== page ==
With November being National Adoption Awareness Month, the subject of adoption has been in the news quite a bit over the last few weeks. The most recent debate-worthy topic making headlines has been “Gotcha Day”—the day many adoptive families celebrate their adoption finalizations year after year.
For a lot of families, these celebrations are very similar to birthdays. There is cake, balloons and presents—even the greeting card industry has started creating entire lines of cards dedicated to the moment of “Gotcha.” It had never occurred to me before that anyone would have an issue with these celebrations, but apparently it is becoming a hot button topic within adoption circles.
I have to admit that I always thought the idea was cute. Yet, I never loved the term. I have had my daughter since birth. There was no real “gotcha” unless you count the moment I literally caught her out of her other mommy’s womb. For us, the term “Gotcha Day” just felt off—so I never used it. Instead, adoption day was “Cheeks for Keeps” day in our family—utilizing the nickname I have had for my daughter since the day she was born. A name she rightly deserves, because she has the most delectable cheeks you have ever seen.
The “for keeps” was a reference back to the days and weeks I anxiously waited to know she was mine, for keeps. While there was never any indication that her other mommy was going to change her mind about our adoption (in fact, she was unwavering in her support of me raising this perfect little girl), simply knowing that she potentially could was hard for me. The day a judge ruled that Cheeks was mine “for keeps,” a weight that I had been carrying around for months was finally released from my shoulders.
There is a lifetime ahead for confronting the complicated feelings and emotions which inevitably conflict the hearts of all those involved in the adoption.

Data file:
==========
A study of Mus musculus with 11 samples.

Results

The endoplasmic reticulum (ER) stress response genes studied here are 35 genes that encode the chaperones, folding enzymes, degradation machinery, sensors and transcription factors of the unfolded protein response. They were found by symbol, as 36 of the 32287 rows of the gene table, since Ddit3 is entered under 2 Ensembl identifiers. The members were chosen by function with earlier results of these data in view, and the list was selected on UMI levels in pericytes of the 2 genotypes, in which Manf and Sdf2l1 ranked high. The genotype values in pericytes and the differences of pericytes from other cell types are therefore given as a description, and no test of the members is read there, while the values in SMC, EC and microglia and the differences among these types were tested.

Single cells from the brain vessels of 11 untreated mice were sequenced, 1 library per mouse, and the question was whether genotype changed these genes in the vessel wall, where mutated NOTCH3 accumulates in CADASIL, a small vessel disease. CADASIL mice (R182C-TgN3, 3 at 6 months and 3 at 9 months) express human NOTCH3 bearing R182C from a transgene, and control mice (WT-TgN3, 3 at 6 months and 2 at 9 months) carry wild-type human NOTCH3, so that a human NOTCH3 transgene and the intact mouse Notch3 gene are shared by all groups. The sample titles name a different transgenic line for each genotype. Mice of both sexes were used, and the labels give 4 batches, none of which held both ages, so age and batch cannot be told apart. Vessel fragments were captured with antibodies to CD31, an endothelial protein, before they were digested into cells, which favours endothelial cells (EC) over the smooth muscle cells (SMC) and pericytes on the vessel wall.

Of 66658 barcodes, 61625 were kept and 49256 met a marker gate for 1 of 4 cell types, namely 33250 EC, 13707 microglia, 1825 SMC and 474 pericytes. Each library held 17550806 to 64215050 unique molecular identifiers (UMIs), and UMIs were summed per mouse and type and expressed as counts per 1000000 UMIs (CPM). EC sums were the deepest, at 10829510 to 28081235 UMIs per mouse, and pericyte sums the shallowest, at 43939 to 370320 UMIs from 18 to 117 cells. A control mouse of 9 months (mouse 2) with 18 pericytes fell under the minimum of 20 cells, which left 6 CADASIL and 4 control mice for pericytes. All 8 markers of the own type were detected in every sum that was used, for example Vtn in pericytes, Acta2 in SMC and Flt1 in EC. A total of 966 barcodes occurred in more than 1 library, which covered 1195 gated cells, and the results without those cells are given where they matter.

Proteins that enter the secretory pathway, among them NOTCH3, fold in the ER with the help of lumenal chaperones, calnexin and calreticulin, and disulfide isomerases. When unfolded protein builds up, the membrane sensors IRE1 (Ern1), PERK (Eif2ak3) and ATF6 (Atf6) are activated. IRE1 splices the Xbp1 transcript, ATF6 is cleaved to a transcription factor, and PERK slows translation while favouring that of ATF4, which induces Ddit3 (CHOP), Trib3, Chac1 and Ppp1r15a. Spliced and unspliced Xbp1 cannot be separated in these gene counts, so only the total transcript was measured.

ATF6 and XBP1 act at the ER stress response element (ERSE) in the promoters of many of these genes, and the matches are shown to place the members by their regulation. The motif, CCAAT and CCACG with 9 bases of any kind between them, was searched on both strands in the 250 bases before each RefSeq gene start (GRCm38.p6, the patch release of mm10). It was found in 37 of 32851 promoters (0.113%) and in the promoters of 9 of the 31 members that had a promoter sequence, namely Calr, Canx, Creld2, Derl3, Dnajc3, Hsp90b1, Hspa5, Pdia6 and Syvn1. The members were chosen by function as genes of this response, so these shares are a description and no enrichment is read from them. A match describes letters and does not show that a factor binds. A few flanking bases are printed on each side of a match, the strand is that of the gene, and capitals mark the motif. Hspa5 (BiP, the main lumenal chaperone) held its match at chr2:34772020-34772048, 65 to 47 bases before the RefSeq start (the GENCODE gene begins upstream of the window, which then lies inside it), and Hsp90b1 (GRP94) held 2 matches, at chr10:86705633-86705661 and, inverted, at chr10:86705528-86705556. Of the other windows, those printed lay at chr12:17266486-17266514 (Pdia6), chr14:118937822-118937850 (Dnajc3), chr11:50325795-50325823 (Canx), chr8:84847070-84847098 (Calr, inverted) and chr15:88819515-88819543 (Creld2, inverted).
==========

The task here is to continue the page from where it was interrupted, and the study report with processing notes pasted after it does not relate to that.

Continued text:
My daughter belonged to me from the moment I first held her in my arms, borne from my heart if not from my womb, but it was on that day when I truly felt safe in the knowledge that she would be forever mine. And that I would be forever hers.
As such, May 28 will always be our special day, a day I fully intend on celebrating, from here until forever. After all, it is ours, symbolic of the day we became a forever family. We will make a big deal out of “Cheeks for Keeps” day, because it is what is right for our family—it is what is right for us. But even in that celebrating, we will be loving and acknowledge her other mommy, too, because she is the one who brought us all together. She is the one who chose me to be Cheek’s mommy, and who created this family I will forever be grateful to have.
And maybe that is where some of the critics feel Gotcha Day is lacking. Perhaps they fear an underlying ignorance towards the sacrifices which have to be made and the losses which have to occur in order for adoptions to take place. I can certainly see the valid points to be made there. But to some extent, I also think it may be going just a bit too far. In most cases, I truly believe people have the purest of intentions at heart. They simply want to celebrate the building of their family; a goal I think all families could likely benefit from, no matter how they were brought together. And while the term "Gotcha Day" was never really for us, I would imagine our “Cheeks for Keeps” days will pretty closely resemble the annual celebrations that so many other adoptive families will be enjoying as well.
Celebrating the birth of a family, and the day each member was joined together ... for keeps.